Playing the coquette with a flick of her zills

21st July 2006 at 01:00
Marie Josepa Pujol-Twinam is from Jersey, Channel Islands

Day job: supply teacher

Other life: belly dancer

"Although these days I come across as an extrovert, I was once an extremely timid girl. When I'm belly dancing, I can be the coquette, the femme fatale; I can wear beautiful costumes and false eyelashes, and perform sensual moves. You can't really get away with that kind of thing at breaktime in the staffroom.

It all started when I moved to Jersey from my home in Spain in 1997. I'd come to be with my husband, but I missed my female friends back home; Jersey can be a cold and lonely place in the winter. So I scanned the Jersey Evening Post for an activity that would get me out of the house.

That's when I found the island's premier belly dancing club, the Jersey Jewels. I thought, "goodness, people actually do that in Jersey!" A telephone number was supplied.

The wonderful lady who runs the club was keen to explain to me that there is certainly nothing suggestive about what goes on at Jersey Jewels meetings. I was able to assure her that I understood this; as I told her, I danced Catalan dances, such as jotas and flamenco, as a young girl, and appreciate the artistic nature of these things. It only took me a few sessions to accustom myself to the Arabic style and rhythms of belly dancing, and I was away.

There are about 18 regular members of the Jersey Jewels. I must point out that we are all highly qualified professionals, such as doctors, lawyers, and so on. We take turns to lead classes, and four times a year famous instructors from England, or even Cairo, will come to teach us technique.

I've just learned a new routine called the shisha dance, in which I carry a shisha tobacco pipe around with me, and even smoke it during the performance. It's quite a sexy one, and playful.

But no one should be under the impression that belly dancing is about baring one's flesh. It originated in Egypt, where the culture is for discretion. The traditional Egyptian costumes are not the scanty clothes most people associate with belly dancing. Those garments are an innovation of modern cabaret shows. In fact, even the dancer's belly doesn't have to be on show, and, because I'm a little on the large side, often mine isn't.

I tend to wear a circular skirt with a top and a bolero, and I hold finger cymbals called zills.

Of course, belly dancing is a hobby for all shapes and sizes. It's about expressing what is inside you, and every shape can adapt to the movements that music inspires. True enough, in France belly dancers are extremely thin. But I've seen some huge English belly dancers who move with wonderful grace. Recently I've become a bit more daring, and I'm showing a little more tummy. But only a little.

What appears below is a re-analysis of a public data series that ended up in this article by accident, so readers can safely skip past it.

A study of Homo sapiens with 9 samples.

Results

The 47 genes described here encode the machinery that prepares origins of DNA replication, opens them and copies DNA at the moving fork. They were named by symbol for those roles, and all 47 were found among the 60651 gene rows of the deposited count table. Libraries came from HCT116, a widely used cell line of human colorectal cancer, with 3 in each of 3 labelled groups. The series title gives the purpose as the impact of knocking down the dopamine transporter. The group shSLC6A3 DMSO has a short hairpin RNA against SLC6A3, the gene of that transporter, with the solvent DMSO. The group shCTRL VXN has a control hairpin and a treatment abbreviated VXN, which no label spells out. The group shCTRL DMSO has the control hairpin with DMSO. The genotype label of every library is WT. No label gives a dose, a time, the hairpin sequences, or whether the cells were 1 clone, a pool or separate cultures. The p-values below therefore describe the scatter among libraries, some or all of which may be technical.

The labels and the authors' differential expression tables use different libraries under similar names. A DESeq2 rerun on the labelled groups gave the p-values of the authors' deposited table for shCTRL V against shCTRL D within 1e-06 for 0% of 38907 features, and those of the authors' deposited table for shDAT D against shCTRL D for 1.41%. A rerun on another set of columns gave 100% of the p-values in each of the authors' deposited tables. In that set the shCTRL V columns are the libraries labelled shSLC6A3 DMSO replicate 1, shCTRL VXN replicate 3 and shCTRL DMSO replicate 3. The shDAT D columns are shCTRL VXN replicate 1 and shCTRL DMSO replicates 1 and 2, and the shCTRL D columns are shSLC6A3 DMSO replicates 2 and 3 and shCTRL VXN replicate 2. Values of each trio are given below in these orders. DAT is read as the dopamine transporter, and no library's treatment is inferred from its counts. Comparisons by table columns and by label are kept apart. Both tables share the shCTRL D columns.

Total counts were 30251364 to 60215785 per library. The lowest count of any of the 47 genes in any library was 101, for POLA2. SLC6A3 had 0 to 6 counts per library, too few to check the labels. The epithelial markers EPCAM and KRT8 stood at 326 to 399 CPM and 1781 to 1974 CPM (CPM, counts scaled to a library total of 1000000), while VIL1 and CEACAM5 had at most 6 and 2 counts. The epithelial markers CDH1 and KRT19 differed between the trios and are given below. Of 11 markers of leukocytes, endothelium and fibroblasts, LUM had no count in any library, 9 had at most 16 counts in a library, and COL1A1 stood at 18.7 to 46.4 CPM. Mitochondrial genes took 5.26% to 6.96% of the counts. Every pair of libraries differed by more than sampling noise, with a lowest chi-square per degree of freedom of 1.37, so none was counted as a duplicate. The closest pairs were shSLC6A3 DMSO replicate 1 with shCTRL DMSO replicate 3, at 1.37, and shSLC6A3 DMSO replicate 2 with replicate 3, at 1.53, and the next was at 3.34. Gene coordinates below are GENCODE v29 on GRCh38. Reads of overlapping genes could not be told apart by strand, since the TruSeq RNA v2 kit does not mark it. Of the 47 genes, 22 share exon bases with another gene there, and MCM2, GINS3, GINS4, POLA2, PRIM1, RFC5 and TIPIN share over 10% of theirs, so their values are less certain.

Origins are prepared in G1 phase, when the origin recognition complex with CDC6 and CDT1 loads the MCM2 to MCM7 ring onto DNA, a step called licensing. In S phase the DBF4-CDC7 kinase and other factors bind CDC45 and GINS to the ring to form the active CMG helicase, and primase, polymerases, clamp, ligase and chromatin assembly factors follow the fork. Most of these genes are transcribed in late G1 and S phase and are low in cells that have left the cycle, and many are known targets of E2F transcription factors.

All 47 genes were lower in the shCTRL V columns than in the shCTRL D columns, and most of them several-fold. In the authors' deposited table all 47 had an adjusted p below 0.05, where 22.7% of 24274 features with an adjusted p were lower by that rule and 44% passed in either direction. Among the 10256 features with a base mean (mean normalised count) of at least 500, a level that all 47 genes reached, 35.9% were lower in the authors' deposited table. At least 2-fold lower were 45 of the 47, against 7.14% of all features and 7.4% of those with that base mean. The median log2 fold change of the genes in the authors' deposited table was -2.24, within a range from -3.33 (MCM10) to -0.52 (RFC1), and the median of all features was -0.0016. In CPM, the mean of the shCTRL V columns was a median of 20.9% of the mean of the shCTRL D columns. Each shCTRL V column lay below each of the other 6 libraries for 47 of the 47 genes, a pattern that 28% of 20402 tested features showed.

Jersey is a small place, and word could quickly get out about the Jersey Jewels. But we are selective; we perform at the occasional fete, and give any money we collect to charity. Every year at Christmas we hold a hafla; we'll hire a hotel for the evening, invite family and friends, and perform individual and group dances. It's a chance to show off your best routine.

Apart from that, I'm careful about who I mention my belly dancing to. For a while, I used to meet a gentleman from Spain for Spanish conversation. The subject of hobbies came up, and when I mentioned the dancing he went bright red and fell silent. I suppose that for single gentlemen of a certain age, belly dancing has connotations.

Still, recently I, and other members of the Jersey Jewels, performed at the wedding of a fellow teacher's daughter. Our performance came after dinner, and people seemed awestruck when we took the floor. I swept around the room, engaging the audience with my provocative eyes and playing my zills for the ears of delighted children. People said we looked beautiful. My colleague was amazed. I don't think he'd ever seen that side of me at work.

I just love having an audience watching me. And that's the heart of it, really: performance. It's not so different from teaching; both are little performances, and, in both, you can sometimes feel vulnerable when you're up there, on stage. But when I'm about to step into a new classroom, all I have to do is think of my belly dancing and I have all the confidence I need."